The Making of a PawSox Radio Commercial
You hear commercials every night during a Pawtucket Red Sox radio broadcast, and if it wasn’t for them, we’d never be able to bring you 144 games of PawSox baseball on radio. Although we’ve all heard them, chances are you’ve never thought about what goes into making all those commercials that play each night of the season.
Well, all of that is about to change. Yesterday I made my first trip to our flagship station, 920 AM WHJJ, in Providence, Ri. to voice three 30-second commercials (also known as “spots). I thought it might be fun to snap a few pics and take you behind the scenes of what it looks like to make the commercials that you’ll hear every night starting in April.
I recorded these particular commercials in what’s known as a “Production Studio.” This is a room with similar equipment used for actually running a radio program, the difference is that this room lacks the ability to actually put someone over the air. It’s dedicated to exactly what we were doing Friday: voicing and producing radio commercials.
I’m holding in my hand a 30-second script for the commercial I was reading. It’s pretty surprising how quickly 30 seconds flies by when you’re trying to talk about a particular company, what makes them so great, their phone number, website, etc. The phrase “economy of words” is used a lot when writing radio commercials because you have to make every second count.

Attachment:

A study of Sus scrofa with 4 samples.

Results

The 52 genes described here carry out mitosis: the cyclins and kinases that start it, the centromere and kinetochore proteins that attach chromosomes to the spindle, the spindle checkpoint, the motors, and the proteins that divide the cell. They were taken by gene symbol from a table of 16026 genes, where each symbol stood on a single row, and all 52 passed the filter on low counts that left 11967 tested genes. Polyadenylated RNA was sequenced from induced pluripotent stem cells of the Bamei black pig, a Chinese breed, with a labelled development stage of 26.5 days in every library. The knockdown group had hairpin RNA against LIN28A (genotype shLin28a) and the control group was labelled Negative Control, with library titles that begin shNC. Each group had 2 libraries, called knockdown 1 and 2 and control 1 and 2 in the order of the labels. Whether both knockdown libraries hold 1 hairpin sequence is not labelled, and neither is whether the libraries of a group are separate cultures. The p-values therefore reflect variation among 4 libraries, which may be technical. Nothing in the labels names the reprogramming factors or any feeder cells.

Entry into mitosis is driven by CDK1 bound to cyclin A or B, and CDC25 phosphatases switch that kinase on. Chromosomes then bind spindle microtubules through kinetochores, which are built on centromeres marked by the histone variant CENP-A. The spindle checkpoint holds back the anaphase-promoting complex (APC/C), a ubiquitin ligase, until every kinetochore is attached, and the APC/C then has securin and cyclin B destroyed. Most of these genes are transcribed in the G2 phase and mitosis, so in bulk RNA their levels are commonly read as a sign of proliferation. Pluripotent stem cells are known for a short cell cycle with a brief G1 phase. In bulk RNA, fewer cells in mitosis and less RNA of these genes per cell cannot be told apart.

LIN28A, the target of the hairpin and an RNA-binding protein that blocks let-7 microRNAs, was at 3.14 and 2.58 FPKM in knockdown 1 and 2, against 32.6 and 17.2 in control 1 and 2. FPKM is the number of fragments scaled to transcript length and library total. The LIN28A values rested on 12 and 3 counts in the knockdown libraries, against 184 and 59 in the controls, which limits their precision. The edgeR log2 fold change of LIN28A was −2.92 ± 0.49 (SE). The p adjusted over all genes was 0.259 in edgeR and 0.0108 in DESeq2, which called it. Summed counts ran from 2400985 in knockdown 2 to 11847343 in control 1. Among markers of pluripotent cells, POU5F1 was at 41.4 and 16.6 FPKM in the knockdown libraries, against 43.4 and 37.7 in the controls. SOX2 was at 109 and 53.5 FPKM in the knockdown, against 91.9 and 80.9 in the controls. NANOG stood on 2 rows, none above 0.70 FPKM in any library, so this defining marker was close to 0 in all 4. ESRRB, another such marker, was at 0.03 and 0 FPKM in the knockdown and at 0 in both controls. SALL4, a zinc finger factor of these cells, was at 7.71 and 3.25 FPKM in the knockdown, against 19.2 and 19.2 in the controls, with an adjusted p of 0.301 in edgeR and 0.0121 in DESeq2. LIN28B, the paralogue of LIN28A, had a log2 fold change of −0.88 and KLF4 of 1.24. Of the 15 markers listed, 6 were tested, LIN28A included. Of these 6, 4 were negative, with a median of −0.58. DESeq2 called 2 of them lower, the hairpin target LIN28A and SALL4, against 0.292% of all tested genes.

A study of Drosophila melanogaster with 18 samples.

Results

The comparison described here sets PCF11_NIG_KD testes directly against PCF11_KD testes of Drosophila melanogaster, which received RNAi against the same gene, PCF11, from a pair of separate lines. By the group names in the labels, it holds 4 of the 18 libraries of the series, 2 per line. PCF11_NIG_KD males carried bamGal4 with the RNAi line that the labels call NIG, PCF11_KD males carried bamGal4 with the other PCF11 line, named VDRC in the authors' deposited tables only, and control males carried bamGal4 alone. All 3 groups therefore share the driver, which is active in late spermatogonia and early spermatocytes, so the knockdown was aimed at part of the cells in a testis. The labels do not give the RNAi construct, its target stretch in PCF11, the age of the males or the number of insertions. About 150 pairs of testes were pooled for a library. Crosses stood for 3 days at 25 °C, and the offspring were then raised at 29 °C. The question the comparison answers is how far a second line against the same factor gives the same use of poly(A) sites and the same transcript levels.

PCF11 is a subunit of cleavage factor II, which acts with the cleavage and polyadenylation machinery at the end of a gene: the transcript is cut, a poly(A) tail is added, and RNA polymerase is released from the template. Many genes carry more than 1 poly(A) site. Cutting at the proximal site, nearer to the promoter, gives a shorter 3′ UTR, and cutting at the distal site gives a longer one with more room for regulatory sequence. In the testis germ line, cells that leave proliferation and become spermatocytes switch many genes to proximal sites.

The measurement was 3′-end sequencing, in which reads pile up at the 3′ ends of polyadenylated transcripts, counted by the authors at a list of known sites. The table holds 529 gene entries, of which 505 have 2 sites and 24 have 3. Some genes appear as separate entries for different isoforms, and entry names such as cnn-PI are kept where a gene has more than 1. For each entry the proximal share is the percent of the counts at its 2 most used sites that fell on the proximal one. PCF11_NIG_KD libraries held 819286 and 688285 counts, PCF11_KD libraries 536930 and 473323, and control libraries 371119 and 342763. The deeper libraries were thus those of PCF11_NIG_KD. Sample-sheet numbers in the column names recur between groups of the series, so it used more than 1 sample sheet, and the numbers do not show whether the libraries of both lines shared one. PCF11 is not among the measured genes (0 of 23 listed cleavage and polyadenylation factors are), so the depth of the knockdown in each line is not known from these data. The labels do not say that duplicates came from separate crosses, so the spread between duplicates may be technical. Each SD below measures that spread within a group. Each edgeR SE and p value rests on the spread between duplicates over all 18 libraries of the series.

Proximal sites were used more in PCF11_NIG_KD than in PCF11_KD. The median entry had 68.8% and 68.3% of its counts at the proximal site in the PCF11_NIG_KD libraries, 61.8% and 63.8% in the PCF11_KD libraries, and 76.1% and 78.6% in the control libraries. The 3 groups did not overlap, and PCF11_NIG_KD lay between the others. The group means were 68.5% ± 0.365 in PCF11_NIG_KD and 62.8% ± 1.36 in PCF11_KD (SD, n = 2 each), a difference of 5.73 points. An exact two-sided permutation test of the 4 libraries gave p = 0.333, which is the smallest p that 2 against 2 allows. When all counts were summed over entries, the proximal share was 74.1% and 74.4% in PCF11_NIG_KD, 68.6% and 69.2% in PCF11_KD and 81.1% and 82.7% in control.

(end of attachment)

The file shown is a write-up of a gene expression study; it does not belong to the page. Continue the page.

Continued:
Typically, the sponsor will send us the script (or “copy”) they want me to read for their particular commercial. However, more times than not, it needs to be edited down so that it can be read in the allotted time (30 or 60 seconds).
You might have noticed that the microphone is to the side of my mouth instead of directly in front of me. Have you ever heard someone speak into a microphone and every time they said a word like “PawSox” the “P” popped in the microphone? Chances are it’s even happened to you at some point. By placing the microphone to the side of my mouth it prevents letters like “P” and “T” from popping the microphone. Even the microphones attached to our headsets that we use to call play-by-play each night are placed off to the side of our mouths.
After I record each commercial, that’s when the real work begins. Pictured above is Sam, the producer of “PawSox Insider” and an all around great guy. The waveforms you see on the computer screen are actually my voice. When you think about it, it’s pretty cool that you can see sound.
Sam’s job is to edit the waveforms to make a smooth 30-second commercial. See, when I was reading the copy, there were a couple of times where I either stumbled or took a longer pause than normal in-between sentences. By using the computer, Sam can out easily cut the parts where I messed up and can also remove the occasional two-second gap of silence where I was taking a longer breath.
Once he edits it down to 30 seconds, he simply adds some music (known as a “bed”), and it’s done! When you have someone like Sam who knows what he’s doing, making a simple radio commercial doesn’t take longer than 15 minutes start to finish.
There you have it, you’re now qualified to work at your local radio station. Hope you’ll tune in often throughout the season – even to the commercials.